I have never really been accident prone.
Childhood circa 1970′s-1980′s: no broken bones and only one serious laceration (forget the stitches, this one was life-threatening.)
Then this year happened. In the last few months I have had three falls, two of them MAJOR. The first happened while I was running with my beloved running team at 5 am. I was going faster than my normal pace and it was dark. Running fast in the dark was outside my comfort zone. My toe caught an uneven brick and down I went…hard..on said brick.
My left knee burst open like a watermelon thrown from a rooftop.
I am a doctor and I can honestly say I have NEVER seen anything quite like it. The pain was indescribable, the blood was not very copious but the fluid…there was so much fluid: clear, yellow, sticky fluid just poured down my leg and onto the floor mat of my poor running mate’s car. We sped to the office where my talented, concerned husband met us. He spent an hour digging gravel out of the wound and stitching me up. He looked at me sternly and said “No running for 2 weeks.”
I cried then. I felt like a failure. I had just gotten in a good groove. Just the week before, I had completed my fastest 5K EVER (27:43.)
It turned out the damage to my knee was greater than I thought. It would take 7 weeks for me to start running again.
As soon as my knee felt ready, I did what every self-loathing, injured person would do. I stepped on the scale. In 7 weeks, I had gained 10 lbs.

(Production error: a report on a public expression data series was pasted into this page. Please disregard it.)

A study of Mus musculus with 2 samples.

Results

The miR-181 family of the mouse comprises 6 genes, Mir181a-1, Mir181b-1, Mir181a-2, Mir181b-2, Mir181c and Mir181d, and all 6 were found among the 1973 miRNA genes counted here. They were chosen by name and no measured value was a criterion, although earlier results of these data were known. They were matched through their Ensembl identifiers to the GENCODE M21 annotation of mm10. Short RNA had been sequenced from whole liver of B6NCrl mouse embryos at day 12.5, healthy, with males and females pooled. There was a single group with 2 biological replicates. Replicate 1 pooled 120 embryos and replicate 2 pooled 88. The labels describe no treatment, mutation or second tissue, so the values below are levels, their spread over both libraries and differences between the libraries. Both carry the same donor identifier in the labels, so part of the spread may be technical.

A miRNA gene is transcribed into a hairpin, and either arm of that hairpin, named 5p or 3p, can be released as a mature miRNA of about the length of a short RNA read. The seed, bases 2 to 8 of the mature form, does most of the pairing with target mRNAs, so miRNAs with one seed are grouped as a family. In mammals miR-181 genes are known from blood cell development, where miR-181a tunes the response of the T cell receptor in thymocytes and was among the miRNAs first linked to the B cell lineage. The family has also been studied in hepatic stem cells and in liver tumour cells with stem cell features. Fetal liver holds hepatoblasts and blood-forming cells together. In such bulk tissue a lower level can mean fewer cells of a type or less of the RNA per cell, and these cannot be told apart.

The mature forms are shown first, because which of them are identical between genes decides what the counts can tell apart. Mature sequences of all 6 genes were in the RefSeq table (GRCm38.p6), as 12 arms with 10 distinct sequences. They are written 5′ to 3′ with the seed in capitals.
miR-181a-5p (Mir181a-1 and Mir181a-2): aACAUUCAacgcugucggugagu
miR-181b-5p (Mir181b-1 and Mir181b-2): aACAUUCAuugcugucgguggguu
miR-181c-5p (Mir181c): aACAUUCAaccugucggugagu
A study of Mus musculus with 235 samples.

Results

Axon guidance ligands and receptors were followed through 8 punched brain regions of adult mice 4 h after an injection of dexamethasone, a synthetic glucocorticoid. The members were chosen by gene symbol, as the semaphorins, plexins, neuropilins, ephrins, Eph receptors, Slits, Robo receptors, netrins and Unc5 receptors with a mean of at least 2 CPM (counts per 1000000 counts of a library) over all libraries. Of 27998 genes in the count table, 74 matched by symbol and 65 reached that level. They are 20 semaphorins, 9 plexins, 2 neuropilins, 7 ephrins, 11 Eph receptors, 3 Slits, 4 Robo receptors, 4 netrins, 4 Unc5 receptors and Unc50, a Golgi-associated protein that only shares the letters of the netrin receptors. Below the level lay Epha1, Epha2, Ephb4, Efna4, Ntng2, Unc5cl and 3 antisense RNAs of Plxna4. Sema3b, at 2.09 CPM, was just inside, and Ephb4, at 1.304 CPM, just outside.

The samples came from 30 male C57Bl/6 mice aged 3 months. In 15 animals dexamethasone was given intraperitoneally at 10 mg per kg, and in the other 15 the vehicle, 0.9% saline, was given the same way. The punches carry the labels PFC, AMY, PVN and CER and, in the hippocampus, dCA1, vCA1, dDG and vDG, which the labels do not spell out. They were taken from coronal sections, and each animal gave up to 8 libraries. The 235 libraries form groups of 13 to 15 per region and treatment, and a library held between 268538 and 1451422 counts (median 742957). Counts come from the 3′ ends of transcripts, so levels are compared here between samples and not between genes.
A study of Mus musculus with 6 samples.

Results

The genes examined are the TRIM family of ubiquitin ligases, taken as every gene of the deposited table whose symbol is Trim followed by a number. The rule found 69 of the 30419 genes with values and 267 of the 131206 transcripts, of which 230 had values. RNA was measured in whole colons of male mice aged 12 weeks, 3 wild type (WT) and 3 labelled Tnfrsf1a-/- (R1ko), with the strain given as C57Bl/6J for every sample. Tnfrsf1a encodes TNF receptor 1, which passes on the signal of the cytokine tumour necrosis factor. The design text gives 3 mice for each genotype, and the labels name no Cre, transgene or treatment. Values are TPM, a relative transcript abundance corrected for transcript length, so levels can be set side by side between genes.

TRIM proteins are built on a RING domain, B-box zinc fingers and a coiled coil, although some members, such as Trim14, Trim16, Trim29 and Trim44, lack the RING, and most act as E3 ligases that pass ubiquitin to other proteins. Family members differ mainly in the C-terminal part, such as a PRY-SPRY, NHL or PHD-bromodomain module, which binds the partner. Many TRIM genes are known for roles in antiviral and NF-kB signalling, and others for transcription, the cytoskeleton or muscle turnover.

I cried then. I was most certainly a failure. And a “fat” one at that.
That week, Chris gave me a really nice road bike for my birthday. The return to running would be slow but biking…biking I could do! With the blessing of one of my closest friends who also happens to be a world class physical therapist, I took to the bike. And man it felt good.
Chris and I rode together countless times logging dozens of miles. Finally, I was ready for a ride with “other” people.
Before I get to the second major fall, let me explain. I am not very graceful or coordinated…I have no internal rhythm and my reflexes are like that of an 80 year-old arthritic woman. But my bike was smooth and fit me so right…what could happen?
Well, what could happen is: 28 degrees=bulky gloves. Bulky gloves not positioned over the brakes= bad planning. Bad planning= disaster when coming into a downhill curve REALLY fast while chatting with a friendly group of more experienced cyclists.
The second I saw it, I knew I was going to hit the fence and was grateful for the large wooden post I took to my left arm and chest wall. The alternative would have been careening over the edge and down the hill into God-knows what.
The first words I heard were my teammate’s “Oh. Shit.”
I knew it was bad. I cried then. I could not be more of a failure.
Then something amazing happened.
The crew I was riding with milled around me for a minute. They gave me space after affirming that I was ok. They let me walk it off. They let me curse and stomp my feet. They let me cry hot, stinging, frustrated, embarrassed tears. Then, when I finally spoke, I told them that I wanted to get back on the bike to finish the 12 mile ride back. They did not argue. Instead, they encouraged me. In short, they believed in me. They did not see my fall as a fail.
These two four letter F-words really can break the mental outlook of even the most seasoned and trained athlete. For us regular folks, they can be disastrous.
Yes, there was a fall (or two) but truly there is no place for “I” in there. Sometimes a fall is “just a fall.”
Here’s my personal revelation. I only became accident prone when I stepped outside of my comfort-zone: running in the dark, biking with OTHERS, biking in the FREEZING cold, biking PERIOD!
Taking risks, trying something new, not being afraid. That my friends is the opposite of failing.